Last week, I talked about how writing a book doesn't happen by accident, it happens by continuing to show up for yourself and your creative project even when it's hard.
This week, as we launch into November and Writing Twitter (myself included) is abuzz with National Novel Writing Month (NaNoWriMo) tips, I want to offer up a cautionary tale.
You know I love NaNo (I've blogged and appeared on podcasts about it even!). I've been participating for more than ten years now and I find fast-drafting to be one of the best ways to create a writing habit and turning off that pesky internal editor.
But in the run-up to the end of the year, I also see a lot of people looking at what they'e accomplished this year and panicking a bit. Maybe you'd hoped to be farther along in your draft or revision. Maybe you've even set a deadline for yourself that, for all sorts of really valid, yet frustrating, reasons, you're not going to achieve.
I'm here to tell you that it's OK. Writing a book takes as long as it takes. And often that's longer than we'd planned. Longer than we'd hoped. Longer than our other writing buddy took.
I'm someone who is very motivated by a daily word count goal and by self-imposed deadlines like NaNoWriMo. Scrivener's Project Targets have made me keep my butt-in-chair until that little slider bar is where it's supposed to be more times than I can count since I started my writing adventures.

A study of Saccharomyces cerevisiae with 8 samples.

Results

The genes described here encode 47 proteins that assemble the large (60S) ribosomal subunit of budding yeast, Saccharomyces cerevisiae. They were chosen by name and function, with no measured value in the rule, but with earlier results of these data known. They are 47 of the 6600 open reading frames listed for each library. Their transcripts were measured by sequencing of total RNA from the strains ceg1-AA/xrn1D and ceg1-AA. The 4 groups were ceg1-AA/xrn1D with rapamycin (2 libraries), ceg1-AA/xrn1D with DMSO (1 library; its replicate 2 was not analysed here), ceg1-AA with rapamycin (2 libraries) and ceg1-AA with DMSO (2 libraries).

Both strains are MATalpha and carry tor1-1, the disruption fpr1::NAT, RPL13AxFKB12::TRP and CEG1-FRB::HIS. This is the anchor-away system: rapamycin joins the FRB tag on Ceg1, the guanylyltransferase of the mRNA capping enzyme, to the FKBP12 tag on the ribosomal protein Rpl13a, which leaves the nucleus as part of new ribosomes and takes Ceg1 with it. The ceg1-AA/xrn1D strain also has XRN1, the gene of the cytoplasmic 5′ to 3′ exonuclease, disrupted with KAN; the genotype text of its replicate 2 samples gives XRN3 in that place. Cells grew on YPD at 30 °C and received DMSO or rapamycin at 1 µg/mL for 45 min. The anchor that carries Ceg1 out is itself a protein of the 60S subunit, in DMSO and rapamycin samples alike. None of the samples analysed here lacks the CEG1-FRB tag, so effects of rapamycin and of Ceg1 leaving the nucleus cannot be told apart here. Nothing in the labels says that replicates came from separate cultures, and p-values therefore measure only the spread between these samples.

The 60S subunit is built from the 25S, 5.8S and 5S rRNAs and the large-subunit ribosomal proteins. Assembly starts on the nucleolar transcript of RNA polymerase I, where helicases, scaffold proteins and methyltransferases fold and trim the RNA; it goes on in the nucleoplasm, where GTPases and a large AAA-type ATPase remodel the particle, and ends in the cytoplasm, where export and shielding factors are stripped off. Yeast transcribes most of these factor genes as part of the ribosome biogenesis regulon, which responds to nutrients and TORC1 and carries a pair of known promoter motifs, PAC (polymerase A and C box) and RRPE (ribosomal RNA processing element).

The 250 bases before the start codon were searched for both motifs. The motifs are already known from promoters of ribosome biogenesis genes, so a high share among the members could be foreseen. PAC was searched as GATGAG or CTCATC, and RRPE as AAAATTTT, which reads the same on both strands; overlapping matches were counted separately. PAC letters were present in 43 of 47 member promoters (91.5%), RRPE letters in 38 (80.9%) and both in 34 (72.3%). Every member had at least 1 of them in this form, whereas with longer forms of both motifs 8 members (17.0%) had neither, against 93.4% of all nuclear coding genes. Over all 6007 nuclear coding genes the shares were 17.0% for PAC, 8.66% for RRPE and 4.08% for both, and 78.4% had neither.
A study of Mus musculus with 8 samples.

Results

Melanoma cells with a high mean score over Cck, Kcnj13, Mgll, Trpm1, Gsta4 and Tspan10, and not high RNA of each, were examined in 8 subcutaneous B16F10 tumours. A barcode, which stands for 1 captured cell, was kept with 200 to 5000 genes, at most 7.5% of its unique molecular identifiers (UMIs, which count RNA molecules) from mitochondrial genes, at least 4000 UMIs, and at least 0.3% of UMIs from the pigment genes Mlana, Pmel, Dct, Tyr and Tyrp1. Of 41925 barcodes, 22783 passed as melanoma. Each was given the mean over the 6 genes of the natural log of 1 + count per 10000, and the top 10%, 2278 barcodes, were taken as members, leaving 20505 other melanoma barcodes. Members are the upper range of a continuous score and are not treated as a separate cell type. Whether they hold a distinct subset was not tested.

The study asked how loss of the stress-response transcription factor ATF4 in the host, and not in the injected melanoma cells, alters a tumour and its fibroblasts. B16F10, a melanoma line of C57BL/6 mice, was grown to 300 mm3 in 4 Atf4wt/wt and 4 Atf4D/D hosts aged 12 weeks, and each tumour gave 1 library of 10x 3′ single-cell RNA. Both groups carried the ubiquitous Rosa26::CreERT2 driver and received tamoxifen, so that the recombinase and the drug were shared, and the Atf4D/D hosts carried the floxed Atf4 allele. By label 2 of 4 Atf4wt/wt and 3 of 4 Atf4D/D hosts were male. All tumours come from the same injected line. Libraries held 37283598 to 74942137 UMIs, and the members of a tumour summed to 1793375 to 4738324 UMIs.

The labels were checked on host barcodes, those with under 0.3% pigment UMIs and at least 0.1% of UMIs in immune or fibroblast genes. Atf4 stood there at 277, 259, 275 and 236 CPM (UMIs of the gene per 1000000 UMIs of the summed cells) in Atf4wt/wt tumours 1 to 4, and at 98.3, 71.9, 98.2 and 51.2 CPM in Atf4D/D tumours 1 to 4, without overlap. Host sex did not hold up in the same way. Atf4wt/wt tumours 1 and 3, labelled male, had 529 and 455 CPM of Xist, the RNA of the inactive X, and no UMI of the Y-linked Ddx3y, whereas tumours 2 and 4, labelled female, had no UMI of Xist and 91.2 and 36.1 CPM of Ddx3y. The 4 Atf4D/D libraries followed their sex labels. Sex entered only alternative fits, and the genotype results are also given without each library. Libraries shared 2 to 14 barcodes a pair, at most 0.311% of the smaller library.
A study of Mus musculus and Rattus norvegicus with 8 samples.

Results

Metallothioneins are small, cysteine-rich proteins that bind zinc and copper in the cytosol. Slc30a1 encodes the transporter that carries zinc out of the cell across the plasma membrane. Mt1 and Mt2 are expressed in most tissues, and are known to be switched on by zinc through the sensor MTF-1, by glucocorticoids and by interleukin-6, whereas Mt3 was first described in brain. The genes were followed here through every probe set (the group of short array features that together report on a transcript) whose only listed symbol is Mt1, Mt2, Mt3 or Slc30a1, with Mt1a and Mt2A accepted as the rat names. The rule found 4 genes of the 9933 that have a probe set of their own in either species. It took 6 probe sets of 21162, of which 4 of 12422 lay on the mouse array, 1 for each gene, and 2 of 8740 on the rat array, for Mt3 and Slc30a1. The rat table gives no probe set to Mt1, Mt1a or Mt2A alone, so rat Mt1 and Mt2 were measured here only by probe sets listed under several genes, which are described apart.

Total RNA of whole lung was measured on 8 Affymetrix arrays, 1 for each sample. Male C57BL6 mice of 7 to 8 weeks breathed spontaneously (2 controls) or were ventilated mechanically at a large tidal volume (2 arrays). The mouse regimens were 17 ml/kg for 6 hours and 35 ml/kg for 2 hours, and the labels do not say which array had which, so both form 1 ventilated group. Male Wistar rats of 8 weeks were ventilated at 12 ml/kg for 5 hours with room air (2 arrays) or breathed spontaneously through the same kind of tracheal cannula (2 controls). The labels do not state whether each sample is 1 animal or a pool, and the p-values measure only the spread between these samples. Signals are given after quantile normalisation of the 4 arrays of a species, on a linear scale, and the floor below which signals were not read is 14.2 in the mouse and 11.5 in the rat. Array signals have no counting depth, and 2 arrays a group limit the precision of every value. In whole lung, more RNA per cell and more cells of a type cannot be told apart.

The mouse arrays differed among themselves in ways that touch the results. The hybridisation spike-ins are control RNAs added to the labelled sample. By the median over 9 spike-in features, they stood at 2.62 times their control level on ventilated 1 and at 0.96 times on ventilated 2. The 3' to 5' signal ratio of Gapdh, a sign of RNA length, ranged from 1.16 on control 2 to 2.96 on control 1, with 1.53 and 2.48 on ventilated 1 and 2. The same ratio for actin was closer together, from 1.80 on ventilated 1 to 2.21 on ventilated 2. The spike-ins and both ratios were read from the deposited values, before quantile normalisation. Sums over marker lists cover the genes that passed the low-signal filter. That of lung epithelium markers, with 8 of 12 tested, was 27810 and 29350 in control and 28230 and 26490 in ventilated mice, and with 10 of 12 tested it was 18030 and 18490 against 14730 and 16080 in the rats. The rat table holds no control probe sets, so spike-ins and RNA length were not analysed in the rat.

But there's also a point when something that started out as motivation begins to have the opposite effect. There's a point at which the deadlines feel so overwhelming or impossible that they send you into procrastination mode, into avoidance, into resistance. And that's how writer's block happens. Nobody wants that!
So if you've signed up for NaNoWriMo, but are dreading it. Or if you told yourself you'd have your manuscript done by the end of the year and it's not going to happen. If you're re-organizing your Tuperware instead of writing. It might be time to let go of those self-imposed deadlines because they're no longer serving you.
If your self-imposed deadline is causing stress, anxiety, dread, fear, negative self-talk, or despair, you have my permission to let it go. Not one of those emotions is going to help you finish a project. Not one of those emotions is ever going to help you find joy in the process. And ultimately, that's going to show in your work.
So escape that deadline paralysis and do something that refills your depleted creative well instead. Even if that means taking a few days or a week away from your writing desk. When you return to your story, you'll find you have better concentration, more motivation, and, best of all, more joy.
Whether or not you're fast drafting this month, I hope you find some time to reflect on your writing journey and to celebrate all the ways that you've invested time and effort into yourself and your writing journey. Even if you're not yet where you want to be, you're showing up for yourself and your craft. And that's a big deal.